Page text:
There are plenty of famous people from Yakima in plenty of varied discipline: Raymond Carver, Kyle MacLachlan, William O. Douglas.
If you’ve been around for a while, you probably know about them. And they make up a big part of the Yakima Valley Museum’s new exhibit, “Making a Mark Beyond the Valley.” But there are also a lot of names featured in the exhibit that maybe you’ve never heard. They were lost to the passage of time or unheralded even in their day, but they made lasting contributions to the arts, sciences or other aspects of society.
Did you know, for instance, that Margaret Herrick, the Hollywood librarian credited with nicknaming the Academy Awards “Oscars,” was a librarian in Yakima before she started working for the Academy? And the villain getting shot by Matt Dillon in the opening credits of “Gunsmoke”? That’s stuntman and world-renowned quick-draw artist Arvo Ojala, who taught himself gunplay while working on his father’s ranch in Yakima.
“He was able to drop a quarter with his right hand, pull his pistol with the same hand and shoot the quarter out of the air,” said Andy Granitto, the museum’s curator of exhibits.
The exhibit, which is physically small, taking up just one section of wall on the museum’s upper level “Yakima Is” display, is loaded with little bits of trivia like that. Plus there are artifacts galore. Celebrity chef Mario Batali donated a pair of his signature orange Crocs. One of On magazine’s favorite actors, Garret Dillahunt, donated a T-shirt from Better Lawn Service and Pool Cleaning, his fictional business on the Fox comedy “Raising Hope,” as well as a hat he wore in the film “Amigo.” Beauty queen and “Survivor” contestant Elyse Umemoto donated a gown and sash.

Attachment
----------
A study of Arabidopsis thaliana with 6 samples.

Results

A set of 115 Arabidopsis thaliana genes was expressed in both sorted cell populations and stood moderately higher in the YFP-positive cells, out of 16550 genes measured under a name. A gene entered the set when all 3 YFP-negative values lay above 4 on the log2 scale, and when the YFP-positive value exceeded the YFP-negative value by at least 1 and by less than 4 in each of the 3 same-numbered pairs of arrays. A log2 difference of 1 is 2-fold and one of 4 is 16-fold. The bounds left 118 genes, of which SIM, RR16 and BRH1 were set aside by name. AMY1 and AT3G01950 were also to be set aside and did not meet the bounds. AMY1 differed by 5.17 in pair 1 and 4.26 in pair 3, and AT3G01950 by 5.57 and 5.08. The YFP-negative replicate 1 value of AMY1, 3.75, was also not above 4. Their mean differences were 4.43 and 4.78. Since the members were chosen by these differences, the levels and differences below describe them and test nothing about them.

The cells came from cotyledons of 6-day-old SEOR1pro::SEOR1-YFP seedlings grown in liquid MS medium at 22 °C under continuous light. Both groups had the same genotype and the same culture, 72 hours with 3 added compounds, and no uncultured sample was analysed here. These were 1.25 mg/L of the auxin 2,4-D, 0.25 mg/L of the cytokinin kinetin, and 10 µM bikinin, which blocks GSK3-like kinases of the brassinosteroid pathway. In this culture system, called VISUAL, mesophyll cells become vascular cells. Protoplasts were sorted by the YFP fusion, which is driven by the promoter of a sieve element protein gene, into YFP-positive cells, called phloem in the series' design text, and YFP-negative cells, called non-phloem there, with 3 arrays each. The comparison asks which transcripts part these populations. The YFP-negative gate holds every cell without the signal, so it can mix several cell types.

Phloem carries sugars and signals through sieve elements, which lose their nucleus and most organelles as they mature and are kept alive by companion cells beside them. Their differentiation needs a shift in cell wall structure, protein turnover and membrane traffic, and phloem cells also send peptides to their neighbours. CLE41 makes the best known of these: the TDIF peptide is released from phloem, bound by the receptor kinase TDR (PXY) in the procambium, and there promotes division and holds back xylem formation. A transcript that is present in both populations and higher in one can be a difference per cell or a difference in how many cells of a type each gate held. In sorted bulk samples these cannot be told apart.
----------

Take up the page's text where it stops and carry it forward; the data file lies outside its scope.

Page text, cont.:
There are baseball cards, an R. Lee Ermey action figure, a cardboard cutout featuring Bert Grant of Grant’s Brewery, Gary Puckett and The Union Gap records, a set of “Twin Peaks” VHS tapes featuring MacLachlan, and a set of Phil Mahre skis, among many other pieces of memorabilia. Some were already owned by the museum, some were donated, and others, including Ojala’s pamphlet “The Secrets of the Fast Draw,” were eBay finds that Granitto dug up.
“People keep giving us more and more things,” Granitto said. “Our hope is we’ll keep accumulating more for a bigger exhibit later.”
He and museum Executive Director John Baule also hope that the exhibit inspires the public to point out other notable Yakima natives whom history may have forgotten.
“We imagine more names might be added,” Granitto said. “And we’ll be asking people, ‘Who did we forget?’”
Already, though, it’s an enlightening exhibit that’s likely to surprise even those most knowledgeable about Yakima’s famous sons and daughters. That is sort of the whole point, Baule said.
“People here have this belief that we’re not the center of the universe, and we’re probably not,” he said. “But the Valley does present people with opportunities. And they do make a contribution to the world in many different fields.”